By Cleveland Van Cecil ; Updated September 21, 2017
Growing plants indoors may be the only option in a city.

Indoor gardening is practiced all over the world as a means of growing food and flowers if limited or no outdoor space is available. Growing systems have become easier and cheaper to build, and with the right setup, growing indoors can provide enough food and flowers for the entire year.


Conditions for indoor growing systems have to be maintained to a high standard. Plants must have at least four hours of direct sun or alternative lighting, be kept at temperatures between 50 and 85 degrees Fahrenheit and be watered regularly with clean water low in chlorine and fluoride.


Greenhouses are buildings or structures built for the purpose of growing plants indoors. Greenhouses have controlled environments where heat, watering and humidity can be adjusted according to the crops being produced. Greenhouses are heated by the sun through thermal plastic that traps the heat and creates humidity by water evaporation, or by a controlled thermostat.


Another indoor plant growing system is hydroponics. Hydroponics grows plants without soil, instead using a specially formulated nutrient solution to provide the sustenance that plants would normally get from water. Plants are placed in a system where their roots have access to the nutrient solution through the planting medium they are growing in, such as perlite, or float freely in a nutrient bath.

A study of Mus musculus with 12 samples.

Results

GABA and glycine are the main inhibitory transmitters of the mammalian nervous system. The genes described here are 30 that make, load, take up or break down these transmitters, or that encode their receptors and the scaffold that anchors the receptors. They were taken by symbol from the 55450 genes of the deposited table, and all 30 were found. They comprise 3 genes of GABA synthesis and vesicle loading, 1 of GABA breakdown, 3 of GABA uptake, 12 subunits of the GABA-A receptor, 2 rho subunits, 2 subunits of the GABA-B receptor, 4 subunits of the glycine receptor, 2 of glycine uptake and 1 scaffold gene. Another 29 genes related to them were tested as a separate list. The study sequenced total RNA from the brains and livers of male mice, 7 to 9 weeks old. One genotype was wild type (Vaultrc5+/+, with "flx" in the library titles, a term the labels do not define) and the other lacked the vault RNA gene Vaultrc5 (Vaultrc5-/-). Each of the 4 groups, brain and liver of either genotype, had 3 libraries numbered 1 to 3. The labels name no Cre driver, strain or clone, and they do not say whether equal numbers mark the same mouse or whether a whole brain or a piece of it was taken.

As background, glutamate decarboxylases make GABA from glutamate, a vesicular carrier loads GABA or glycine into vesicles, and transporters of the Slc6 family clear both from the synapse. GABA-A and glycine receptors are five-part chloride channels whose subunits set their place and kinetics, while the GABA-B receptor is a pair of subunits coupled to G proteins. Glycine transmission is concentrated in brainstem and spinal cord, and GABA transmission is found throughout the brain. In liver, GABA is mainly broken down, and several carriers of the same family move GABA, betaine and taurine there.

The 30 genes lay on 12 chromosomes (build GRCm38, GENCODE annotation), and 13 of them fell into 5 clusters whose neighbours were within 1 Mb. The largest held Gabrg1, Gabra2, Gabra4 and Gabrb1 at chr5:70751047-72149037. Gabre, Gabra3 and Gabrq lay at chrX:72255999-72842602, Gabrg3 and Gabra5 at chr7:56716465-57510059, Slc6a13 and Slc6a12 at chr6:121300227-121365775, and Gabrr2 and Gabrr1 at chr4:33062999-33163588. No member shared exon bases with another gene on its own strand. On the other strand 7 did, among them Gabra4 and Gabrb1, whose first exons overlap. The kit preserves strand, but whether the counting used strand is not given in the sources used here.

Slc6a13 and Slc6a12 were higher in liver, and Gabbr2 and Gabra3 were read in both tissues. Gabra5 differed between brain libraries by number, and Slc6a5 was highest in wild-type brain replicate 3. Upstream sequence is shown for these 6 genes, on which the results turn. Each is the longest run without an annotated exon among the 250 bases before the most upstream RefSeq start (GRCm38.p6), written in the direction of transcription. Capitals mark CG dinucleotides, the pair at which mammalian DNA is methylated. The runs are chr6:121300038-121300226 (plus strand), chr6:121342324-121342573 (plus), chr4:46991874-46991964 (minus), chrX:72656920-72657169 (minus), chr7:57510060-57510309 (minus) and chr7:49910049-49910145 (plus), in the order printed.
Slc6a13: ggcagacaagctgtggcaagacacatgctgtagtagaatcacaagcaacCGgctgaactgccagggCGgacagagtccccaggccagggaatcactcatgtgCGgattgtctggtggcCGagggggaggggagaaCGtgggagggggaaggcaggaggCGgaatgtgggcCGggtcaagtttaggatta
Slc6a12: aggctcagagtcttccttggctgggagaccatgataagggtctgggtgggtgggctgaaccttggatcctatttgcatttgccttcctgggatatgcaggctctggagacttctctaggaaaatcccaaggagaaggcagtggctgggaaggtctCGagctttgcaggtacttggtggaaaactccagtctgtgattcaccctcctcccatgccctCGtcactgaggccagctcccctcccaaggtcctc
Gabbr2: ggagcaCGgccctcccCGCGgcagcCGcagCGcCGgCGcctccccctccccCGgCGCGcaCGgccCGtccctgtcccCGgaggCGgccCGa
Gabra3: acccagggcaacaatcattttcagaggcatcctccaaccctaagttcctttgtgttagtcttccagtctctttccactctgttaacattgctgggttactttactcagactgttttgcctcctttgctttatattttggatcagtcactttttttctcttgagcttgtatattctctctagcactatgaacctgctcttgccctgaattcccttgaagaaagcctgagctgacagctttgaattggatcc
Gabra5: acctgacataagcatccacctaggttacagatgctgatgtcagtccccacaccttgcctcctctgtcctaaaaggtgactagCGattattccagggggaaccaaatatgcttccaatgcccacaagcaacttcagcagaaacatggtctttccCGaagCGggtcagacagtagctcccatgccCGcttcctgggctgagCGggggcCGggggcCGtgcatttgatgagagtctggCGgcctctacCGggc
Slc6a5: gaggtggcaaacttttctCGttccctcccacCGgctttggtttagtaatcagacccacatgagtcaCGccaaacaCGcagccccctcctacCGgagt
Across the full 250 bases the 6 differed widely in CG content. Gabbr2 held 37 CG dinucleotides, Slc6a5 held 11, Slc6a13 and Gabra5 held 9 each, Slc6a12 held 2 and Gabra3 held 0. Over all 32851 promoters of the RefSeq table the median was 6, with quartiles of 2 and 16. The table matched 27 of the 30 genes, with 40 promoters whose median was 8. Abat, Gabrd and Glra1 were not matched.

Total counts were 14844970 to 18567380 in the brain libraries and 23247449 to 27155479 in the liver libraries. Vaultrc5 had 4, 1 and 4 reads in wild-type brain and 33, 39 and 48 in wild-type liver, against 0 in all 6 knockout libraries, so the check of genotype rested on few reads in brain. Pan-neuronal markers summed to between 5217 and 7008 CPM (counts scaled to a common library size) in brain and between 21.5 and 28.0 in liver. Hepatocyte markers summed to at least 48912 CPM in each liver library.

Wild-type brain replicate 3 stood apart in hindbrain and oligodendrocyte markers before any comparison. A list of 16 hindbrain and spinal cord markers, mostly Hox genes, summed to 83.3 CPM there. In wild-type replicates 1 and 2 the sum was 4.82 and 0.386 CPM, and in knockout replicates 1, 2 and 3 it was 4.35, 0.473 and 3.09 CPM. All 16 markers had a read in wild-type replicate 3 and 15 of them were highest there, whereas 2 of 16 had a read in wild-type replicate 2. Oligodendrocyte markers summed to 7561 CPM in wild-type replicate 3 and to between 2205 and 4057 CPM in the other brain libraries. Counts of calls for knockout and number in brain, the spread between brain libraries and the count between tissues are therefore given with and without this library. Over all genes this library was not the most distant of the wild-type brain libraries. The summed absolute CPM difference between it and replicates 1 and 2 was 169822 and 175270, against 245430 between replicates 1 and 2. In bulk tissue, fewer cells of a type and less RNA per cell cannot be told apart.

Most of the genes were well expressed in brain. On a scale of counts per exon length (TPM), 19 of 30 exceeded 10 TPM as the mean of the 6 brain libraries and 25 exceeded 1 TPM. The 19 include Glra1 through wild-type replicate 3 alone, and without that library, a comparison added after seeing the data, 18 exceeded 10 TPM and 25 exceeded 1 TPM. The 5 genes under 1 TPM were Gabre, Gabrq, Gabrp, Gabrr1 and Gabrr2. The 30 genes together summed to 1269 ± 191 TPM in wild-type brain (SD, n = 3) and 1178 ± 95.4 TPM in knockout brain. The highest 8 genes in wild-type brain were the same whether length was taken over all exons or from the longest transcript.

Artificial Lighting

Unlike outdoor planting, artificial light may be required to provide plants with enough light to produce food to grow. Specially designed grow lights provide the correct light wave length best absorbed by the plants in a garden. Red and blue light wave lengths are best absorbed by plants. Natural, full spectrum and balanced growing lights cost more because they provide both red and blue light at once, as opposed to bulbs that provide one at a time.


Foliage diseases are less likely on indoor plants. Soil pathogens can become a problem if the plant is not given enough water and light, or is not correctly fertilized. Also, indoor pests such as mealybugs, aphids, spider mites and thrips can become a problem if left unattended. Removal of these pests with a cotton swab and rubbing alcohol will usually be enough to keep them under control.